During Hanukkah, we sing about the Maccabee warriors who overcame an evil force that sought to destroy the Jewish people. They were the few against the many, bringing light into darkness: banu choshech l’garesh—“we came to banish the darkness.” As we enter the holiday next week, we are faced with another period of darkness and rapidly spreading Jew-hatred. We can all see it, feel it and hear it. Why now? What has changed? And why have anti-Jewish feelings suddenly become acceptable?
Resume Builder recently surveyed recruiters and hiring managers to gauge any actual or perceived antisemitism in the workplace. The results were disturbing: One in four managers said they were less likely to move forward with a Jewish candidate, citing the belief that Jews “have too much power and control.” Nearly as many (23%) said they want fewer Jews in their industry, 33% said antisemitism is common in their workplace and 29% acknowledged its acceptance at their company. A smaller percentage (17%) acknowledged that management instructed them “not to hire Jews.” What the survey ultimately revealed is just how commonplace and socially acceptable antisemitism has become.
The Resume Builder survey reminds us that the classic hateful tropes of antisemitism have returned, not only in the darkest corners, but in the mainstream of society, where it has become socially acceptable to say such things out loud in sports, music and the media. Kyrie Irving and Kanye West are only two of the more visible examples of this.
But we don’t need a poll to tell us what we already know. In North America, antisemitism is at an all-time high. Last week, the NYPD reported an increase of 125% in antisemitic incidents in November, with 45 antisemitic hate crimes across New York City’s five boroughs. That’s more than double the number from the previous year. Across the U.S. this year, a wildly disproportionate number of reported hate crimes—more than 50%—were perpetrated against Jews, who comprise less than 2% of the U.S. population.
Acts of vandalism and violence against Jewish targets have also become more frequent. We have seen the words “Kanye was right” on banners over an LA freeway and a stadium jumbotron. And while we appreciate that many have condemned this hate, we understand the long-term effect when the problem is not addressed head on.
Indeed, students of history know that, left unaddressed, antisemitism will lead to murder, and not just of Jews.
In her book Jews and Power, Harvard Prof. Ruth Wisse outlined the pattern we have seen throughout human history: Jews enjoy a period of relative calm, followed by a roughly 20 to 30-year period of intense and popular antisemitism. It is not a coincidence that the initial interregnum facilitates Jewish assimilation, absorption into society and a subsequent rise in economic status, education and, yes, influence.
In other words, our history has been on a rinse-lather-repeat cycle in which Jews are “mainstreamed,” and then marginalized, expelled, murdered and forced to start all over again. Then, if left in peace, we focus on education and happily assimilate into our host culture while retaining our identity to some degree and, ultimately, dare to succeed.
But world doesn’t like it when we succeed too much. It’s resented. And this resentment, when publicly accepted, is combined with the ever-present fear of “the other,” leading eventually to horrendous violence.
Thankfully, the Biden administration is taking some important steps to address this disturbing trend. Second gentleman Doug Emhoff assembled a roundtable discussion last week on the state of antisemitism today, followed by a White House announcement that it will form a joint task force with Jewish leaders. These are important gestures of concern and support, no doubt. However, I am not certain the problem starts with the Jews or ends with the Jews, nor am I certain it is ours to fix.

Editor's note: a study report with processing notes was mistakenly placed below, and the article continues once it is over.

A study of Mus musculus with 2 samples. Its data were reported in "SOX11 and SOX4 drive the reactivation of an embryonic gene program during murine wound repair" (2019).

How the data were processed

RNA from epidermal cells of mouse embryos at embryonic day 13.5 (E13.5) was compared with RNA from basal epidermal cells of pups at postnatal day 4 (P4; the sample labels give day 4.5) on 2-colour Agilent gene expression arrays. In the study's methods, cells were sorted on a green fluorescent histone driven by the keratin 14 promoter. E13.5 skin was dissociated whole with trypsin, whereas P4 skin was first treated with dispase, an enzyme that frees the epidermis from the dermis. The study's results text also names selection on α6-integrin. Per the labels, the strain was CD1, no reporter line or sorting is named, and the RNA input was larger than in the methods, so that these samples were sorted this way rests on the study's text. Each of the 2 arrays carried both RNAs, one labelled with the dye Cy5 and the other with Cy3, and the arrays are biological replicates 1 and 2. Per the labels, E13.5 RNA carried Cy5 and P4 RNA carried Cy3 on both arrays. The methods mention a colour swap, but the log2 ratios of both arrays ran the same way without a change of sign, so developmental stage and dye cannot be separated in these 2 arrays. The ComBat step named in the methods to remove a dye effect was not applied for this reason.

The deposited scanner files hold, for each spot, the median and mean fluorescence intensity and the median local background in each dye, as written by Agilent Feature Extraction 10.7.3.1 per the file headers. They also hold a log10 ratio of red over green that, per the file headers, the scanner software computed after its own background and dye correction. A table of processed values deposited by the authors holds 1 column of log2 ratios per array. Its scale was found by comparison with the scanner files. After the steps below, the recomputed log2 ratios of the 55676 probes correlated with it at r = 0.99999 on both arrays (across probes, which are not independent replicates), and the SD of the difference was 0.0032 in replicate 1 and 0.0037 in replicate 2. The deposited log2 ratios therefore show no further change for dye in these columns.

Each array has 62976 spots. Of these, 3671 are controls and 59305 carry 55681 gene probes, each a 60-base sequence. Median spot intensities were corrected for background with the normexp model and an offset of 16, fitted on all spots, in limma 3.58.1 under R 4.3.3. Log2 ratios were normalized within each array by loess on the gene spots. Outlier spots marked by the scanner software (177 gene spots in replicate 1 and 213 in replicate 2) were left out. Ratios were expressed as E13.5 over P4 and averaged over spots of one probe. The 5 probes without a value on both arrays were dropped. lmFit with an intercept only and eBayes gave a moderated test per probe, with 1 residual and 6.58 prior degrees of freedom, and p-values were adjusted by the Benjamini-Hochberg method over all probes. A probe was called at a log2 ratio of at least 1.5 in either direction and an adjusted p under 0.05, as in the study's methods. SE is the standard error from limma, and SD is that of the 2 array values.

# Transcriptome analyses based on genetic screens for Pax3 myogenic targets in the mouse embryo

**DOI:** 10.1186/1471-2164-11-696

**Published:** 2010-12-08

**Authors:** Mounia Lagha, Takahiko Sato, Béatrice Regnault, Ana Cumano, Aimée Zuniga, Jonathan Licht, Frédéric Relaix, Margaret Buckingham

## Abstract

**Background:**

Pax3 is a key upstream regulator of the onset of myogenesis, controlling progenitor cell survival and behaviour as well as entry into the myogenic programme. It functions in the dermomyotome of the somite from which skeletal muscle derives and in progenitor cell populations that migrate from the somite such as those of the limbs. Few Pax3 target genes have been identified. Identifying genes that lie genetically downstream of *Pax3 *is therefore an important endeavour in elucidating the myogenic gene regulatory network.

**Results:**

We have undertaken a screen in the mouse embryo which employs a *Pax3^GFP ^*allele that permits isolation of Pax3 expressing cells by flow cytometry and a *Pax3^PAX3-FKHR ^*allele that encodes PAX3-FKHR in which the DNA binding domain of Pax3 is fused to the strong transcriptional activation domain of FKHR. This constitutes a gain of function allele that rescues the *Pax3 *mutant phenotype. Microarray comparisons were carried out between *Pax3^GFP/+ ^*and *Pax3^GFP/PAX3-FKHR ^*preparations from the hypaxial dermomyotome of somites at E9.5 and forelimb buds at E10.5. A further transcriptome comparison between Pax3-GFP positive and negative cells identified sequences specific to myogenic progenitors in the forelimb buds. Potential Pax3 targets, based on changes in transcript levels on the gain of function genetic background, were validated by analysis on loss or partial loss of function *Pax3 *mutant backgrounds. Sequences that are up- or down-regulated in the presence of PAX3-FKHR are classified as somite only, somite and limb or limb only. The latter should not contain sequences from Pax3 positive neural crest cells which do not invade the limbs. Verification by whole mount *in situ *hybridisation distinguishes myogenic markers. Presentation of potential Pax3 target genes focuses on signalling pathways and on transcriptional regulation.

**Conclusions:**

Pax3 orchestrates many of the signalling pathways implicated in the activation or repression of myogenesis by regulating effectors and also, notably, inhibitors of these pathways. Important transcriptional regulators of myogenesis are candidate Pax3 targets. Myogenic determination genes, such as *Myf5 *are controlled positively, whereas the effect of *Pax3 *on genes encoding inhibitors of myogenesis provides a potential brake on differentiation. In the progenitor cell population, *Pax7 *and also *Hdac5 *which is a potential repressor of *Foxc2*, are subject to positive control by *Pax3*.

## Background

What I am certain of is that the American Jewish leadership has to do more than issue statements in response to antisemitic incidents that are only symptoms of the problem. They must formulate a plan and stand up with concrete calls to action.
The best response, I believe, is to educate our own community, especially young American Jews, who will have to face the fire in a way previous generations have not.
Now is the time. It is only by teaching our own about who we are, where we come from and why it matters that we can understand antisemitism and how it evolved, and forge the sense of pride necessary to overcome it.
Hiding our Jewishness has never worked at any point in history. “Blending in” is not the answer. Unfortunately, we are easy prey to assimilationist fantasies when we fail to unite.
The only way for us to unite is for the American Jewish leadership to sound a loud, unanimous, resounding cry: “Learn who you are!” Our focus must be on teaching our young people what it means to be a Jew, sharing the beauty and wisdom of Judaism and instilling them with the faith that it is a good thing that they are Jewish. This and this alone will give them the strength to stand up to hate before it reaches critical mass.
The problem is especially pressing because American democracy is at a critical point. The American people must grapple with the fact that open displays of hatred and resentment, hate crimes and random attacks on any ethnic group hurt all ethnic groups. History has taught us that if you let them come for the Jews, they will eventually come for everybody else. And it is the Jews who must teach America this lesson.
We have an opportunity to banish the darkness once again.
Rabbi Steven Burg is CEO of Aish, the former Eastern Director of the Simon Wiesenthal Center, Managing Director of the Orthodox Union (OU), and International Director of NCSY. He also serves as a member of the Jewish Agency’s Board of Governors as a representative of the World Zionist Organization.